If you have aspirations to start your own tech company, you may get lured into the trap of thinking that building a great product will be your sales strategy i.e., it will sell itself. This is a dangerous place to play, and there are ways you can ensure that you’re attacking the market with your product in the correct way and a great place to start is trying to answer or re-answer, these three questions:
- What need does your product or service fill?
- What problem are you solving?
- Who is likely to buy your product or service?
This last question is critical because this is addressing your target market. A target market can be defined as a group of consumers identified as the most likely to buy your product or service. If you were to describe the perfect person or ideal buyer persona, your target market would include these people. However, target market is not to be confused with a demographic.
The demographic you sell to is going to be within your target market i.e., there will be several demographics in your target market (e.g., ages 18-35 and 35-50 are both demographics, but they could both be part of your target market,) so it is a question of, who can benefit the most from your product or service. Once you have those answers, you know where your marketing team will be spending its time.
A perfect way to understand more about your target market, now you have clearly defined what it is, is by looking back at your customer base and understanding why they bought from you in the first place. A strategy you could employ is holding a few focus groups for your current customers to ask them why they bought your product, what was the problem they were trying to solve, and whether it has done that. These are all imperative questions to ask of customers who use your product or service.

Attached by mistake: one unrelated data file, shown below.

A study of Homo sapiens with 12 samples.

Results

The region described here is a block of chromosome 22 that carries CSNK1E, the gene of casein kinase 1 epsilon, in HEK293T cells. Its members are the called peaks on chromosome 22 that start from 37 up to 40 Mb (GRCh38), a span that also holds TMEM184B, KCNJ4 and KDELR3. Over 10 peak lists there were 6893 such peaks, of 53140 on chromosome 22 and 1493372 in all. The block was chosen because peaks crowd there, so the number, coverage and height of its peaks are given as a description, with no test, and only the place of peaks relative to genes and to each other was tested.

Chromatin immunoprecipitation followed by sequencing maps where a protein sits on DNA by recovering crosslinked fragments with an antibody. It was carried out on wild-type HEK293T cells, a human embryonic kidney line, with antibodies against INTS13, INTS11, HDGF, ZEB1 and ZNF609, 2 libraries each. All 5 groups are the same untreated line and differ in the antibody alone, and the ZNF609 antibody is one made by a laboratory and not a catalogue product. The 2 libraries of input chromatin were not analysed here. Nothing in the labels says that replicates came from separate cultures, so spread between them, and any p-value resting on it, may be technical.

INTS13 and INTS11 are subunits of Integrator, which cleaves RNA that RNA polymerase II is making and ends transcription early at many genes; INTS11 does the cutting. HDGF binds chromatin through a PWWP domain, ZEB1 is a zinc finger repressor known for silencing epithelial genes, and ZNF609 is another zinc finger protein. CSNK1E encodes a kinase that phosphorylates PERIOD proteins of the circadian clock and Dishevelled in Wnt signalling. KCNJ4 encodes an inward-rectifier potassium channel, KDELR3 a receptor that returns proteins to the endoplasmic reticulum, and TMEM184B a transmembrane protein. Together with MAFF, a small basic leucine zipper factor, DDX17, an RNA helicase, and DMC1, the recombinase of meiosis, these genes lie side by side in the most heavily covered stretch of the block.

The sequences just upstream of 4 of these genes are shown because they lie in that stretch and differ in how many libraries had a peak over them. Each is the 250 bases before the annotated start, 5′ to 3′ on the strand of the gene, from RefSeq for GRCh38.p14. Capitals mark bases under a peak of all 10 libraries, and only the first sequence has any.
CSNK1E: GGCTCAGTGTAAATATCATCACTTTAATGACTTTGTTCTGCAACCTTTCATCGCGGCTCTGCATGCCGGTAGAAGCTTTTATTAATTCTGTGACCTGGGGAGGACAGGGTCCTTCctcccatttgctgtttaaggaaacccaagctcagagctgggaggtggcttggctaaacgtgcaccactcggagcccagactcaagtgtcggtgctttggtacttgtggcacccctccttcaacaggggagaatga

If you are a startup, it is best to start by identifying your niche, and trying to make it as focused as possible. This way, you can start to build a customer base within a narrow target market. Then you will be able to understand what other attributes your customers may share, which may be shared by other industries or customer groups, which will then help you grow your business.
Finally, remember, selling to everyone is not a target market. Invest the time and energy in understanding who should form your target market, and you will reap the dividends in the future.